In fear, Hollywood studios and DVD publishers in general would begin raising the prices on DVD releases and match the price tags to VHS rental pricing, VSDA, the Video Software Dealers Association, wrote an open letter to the studios, which was published in a number of trade magazines. Although this is clearly business and industry-specific material, we thought you may be interested to read it just as well, so here is a reprint.
The unprecedented rate of growth of DVD and its phenomenal promise for the future of home video are due in significant part of the farsighted decisions made by studio executives in pricing their DVD releases. Consumers have warmed to this friendly format because it has offered exceptional value for their dollar and with the promise that both the format and its price/value relationship will endure.
In our view, our studio partners and the consumer electronics industry brought DVD to home video at a critical time – a time marked by the confluence of flattening consumer demand for VHS, and consumer anticipation and thirst for optical-digital quality video and audio, streamlined packaging and portability. We believe these factors will bear upon the growth of consumer demand for DVD software for years to come.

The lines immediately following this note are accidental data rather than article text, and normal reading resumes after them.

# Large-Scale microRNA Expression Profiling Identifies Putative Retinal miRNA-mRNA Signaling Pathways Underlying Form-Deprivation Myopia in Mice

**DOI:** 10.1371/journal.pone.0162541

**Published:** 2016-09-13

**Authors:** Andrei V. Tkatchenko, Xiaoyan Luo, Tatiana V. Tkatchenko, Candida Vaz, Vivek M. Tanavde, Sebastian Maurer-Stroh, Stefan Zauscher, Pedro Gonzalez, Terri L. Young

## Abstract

Speculation in industry trade magazines and elsewhere about a potential change in pricing of DVD software has raised earnest concern among many sell-through and combo retailers and among rentailers. The opinion of many is that any change would limit the growth of demand and create substantial doubt among consumers about the desirability of the format.
We believe it is much too soon to cast any doubt in consumers’ minds about the attractiveness of open DVD for the enjoyment of movies in the home, much less to give retailers any reason to doubt the wisdom of fully embracing the format and aggressively investing in it.
For rentailers, consumer penetration levels will not support a reasonable return on investment for DVD products at traditional VHS rental pricing. Here, inexorable economics would drive copy depth to levels far short of consumer demand, again sending the wrong message to consumers. We ask our studio partners not to revise DVD pricing policies at this early stage in the life of this vital format and to allow consumers to fully embrace it. The future of our industry depends on it.